More jail time and more trials pending for troubled Campbell River man

A 27-year-old man with a lengthy criminal record will be spending the holidays behind bars

A 27-year-old man with a lengthy criminal record will be spending the holidays behind bars and will get out in the new year to face two trials.

Justin Upton was ordered to spend another 47 days in jail after pleading guilty to obstructing police and violating bail conditions.

“Lying to the police isn’t really a good idea,” said Judge Justine Saunders on Monday.

It’s not the first time that Upton has appeared in the Campbell River provincial courtroom.

He appeared in 2009 on charges of resisting arrest, in 2008 for using a stolen credit card, and in Surrey in 2007 for possession of stolen property.

He’s also facing trial in Victoria and Vancouver in the new year. Upton is pleading not guilty in both cases.

“I’m not expecting those two cases to end in conviction,” Upton’s lawyer told the judge.

On April 24, 2012, Upton was one of three men arrested by a special police tactical unit who had them under surveillance at semi-rural property in Langford.

According to police, the suspects allegedly tried to rob a medical marijuana grow operation.

The three were arrested and police seized body armour, a Browning 9mm Luger, a Smith and Wesson revolver, a sledgehammer, duct tape and masks.

That trial is slated for the new year in Victoria, but in late October, Upton was in Campbell River to visit his sick grandfather. He was stopped by police because a tail light was out in his 2005 Ford Mustang.

Upton then proceeded to give the officer not one, but two false names.

Police quickly figured out who he really was and also learned he was wanted on warrants out of Vancouver and Victoria for breaching terms of his bail.

The Vancouver charge is connected to a domestic violence incident, said Crown prosecutor Adrienne Venturini.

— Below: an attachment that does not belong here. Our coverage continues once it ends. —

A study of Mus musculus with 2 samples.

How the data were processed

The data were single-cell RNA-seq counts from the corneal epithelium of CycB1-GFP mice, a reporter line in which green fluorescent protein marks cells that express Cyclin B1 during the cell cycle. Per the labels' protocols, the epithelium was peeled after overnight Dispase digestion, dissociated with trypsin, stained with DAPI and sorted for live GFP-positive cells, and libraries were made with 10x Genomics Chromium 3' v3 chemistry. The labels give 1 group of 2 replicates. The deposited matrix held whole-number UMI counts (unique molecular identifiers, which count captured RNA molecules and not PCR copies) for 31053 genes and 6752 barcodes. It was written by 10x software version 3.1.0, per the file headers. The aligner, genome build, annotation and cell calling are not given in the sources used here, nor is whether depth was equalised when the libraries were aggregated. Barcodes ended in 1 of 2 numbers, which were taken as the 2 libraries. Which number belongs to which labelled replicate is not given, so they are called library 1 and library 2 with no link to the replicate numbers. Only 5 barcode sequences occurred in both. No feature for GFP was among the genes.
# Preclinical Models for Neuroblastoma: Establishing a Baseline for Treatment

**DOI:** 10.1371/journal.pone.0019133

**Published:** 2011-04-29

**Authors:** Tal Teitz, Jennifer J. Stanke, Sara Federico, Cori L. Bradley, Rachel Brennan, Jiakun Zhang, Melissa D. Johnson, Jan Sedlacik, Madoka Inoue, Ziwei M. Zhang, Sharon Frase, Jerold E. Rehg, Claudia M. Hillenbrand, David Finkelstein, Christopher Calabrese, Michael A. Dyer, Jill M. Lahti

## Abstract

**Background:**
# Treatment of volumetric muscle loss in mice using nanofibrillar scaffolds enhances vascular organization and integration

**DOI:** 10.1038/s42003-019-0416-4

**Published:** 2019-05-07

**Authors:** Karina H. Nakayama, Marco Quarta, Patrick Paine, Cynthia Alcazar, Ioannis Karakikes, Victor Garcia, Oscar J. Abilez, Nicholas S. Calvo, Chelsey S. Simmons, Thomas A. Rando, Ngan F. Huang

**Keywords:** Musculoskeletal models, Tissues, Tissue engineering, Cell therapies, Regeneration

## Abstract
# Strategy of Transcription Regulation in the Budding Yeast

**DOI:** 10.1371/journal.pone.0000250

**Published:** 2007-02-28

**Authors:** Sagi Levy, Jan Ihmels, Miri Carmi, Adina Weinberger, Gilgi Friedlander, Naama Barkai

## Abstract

Upton was in jail for 41 days, before pleading guilty to obstruction and breach on Monday. The judge gave him an additional 47 days and also encouraged him to change his ways.

“I’m sorry for my actions and I take responsibility. I had a rough bringing up,” said Upton, who was orphaned at a young age.

Justin Upton was ordered to spend another 47 days in jail after pleading guilty to obstructing police and violating bail conditions.

“Lying to the police isn’t really a good idea,” said Judge Justine Saunders on Monday.

It’s not the first time that Upton has appeared in the Campbell River provincial courtroom.

He appeared in 2009 on charges of resisting arrest, in 2008 for using a stolen credit card, and in Surrey in 2007 for possession of stolen property.

He’s also facing trial in Victoria and Vancouver in the new year. Upton is pleading not guilty in both cases.

“I’m not expecting those two cases to end in conviction,” Upton’s lawyer told the judge.

On April 24, 2012, Upton was one of three men arrested by a special police tactical unit who had them under surveillance at semi-rural property in Langford.

According to police, the suspects allegedly tried to rob a medical marijuana grow operation.

The three were arrested and police seized body armour, a Browning 9mm Luger, a Smith and Wesson revolver, a sledgehammer, duct tape and masks.

That trial is slated for the new year in Victoria, but in late October, Upton was in Campbell River to visit his sick grandfather. He was stopped by police because a tail light was out in his 2005 Ford Mustang.

Upton then proceeded to give the officer not one, but two false names.

Police quickly figured out who he really was and also learned he was wanted on warrants out of Vancouver and Victoria for breaching terms of his bail.

The Vancouver charge is connected to a domestic violence incident, said Crown prosecutor Adrienne Venturini.

Upton was in jail for 41 days, before pleading guilty to obstruction and breach on Monday. The judge gave him an additional 47 days and also encouraged him to change his ways.

“I’m sorry for my actions and I take responsibility. I had a rough bringing up,” said Upton, who was orphaned at a young age.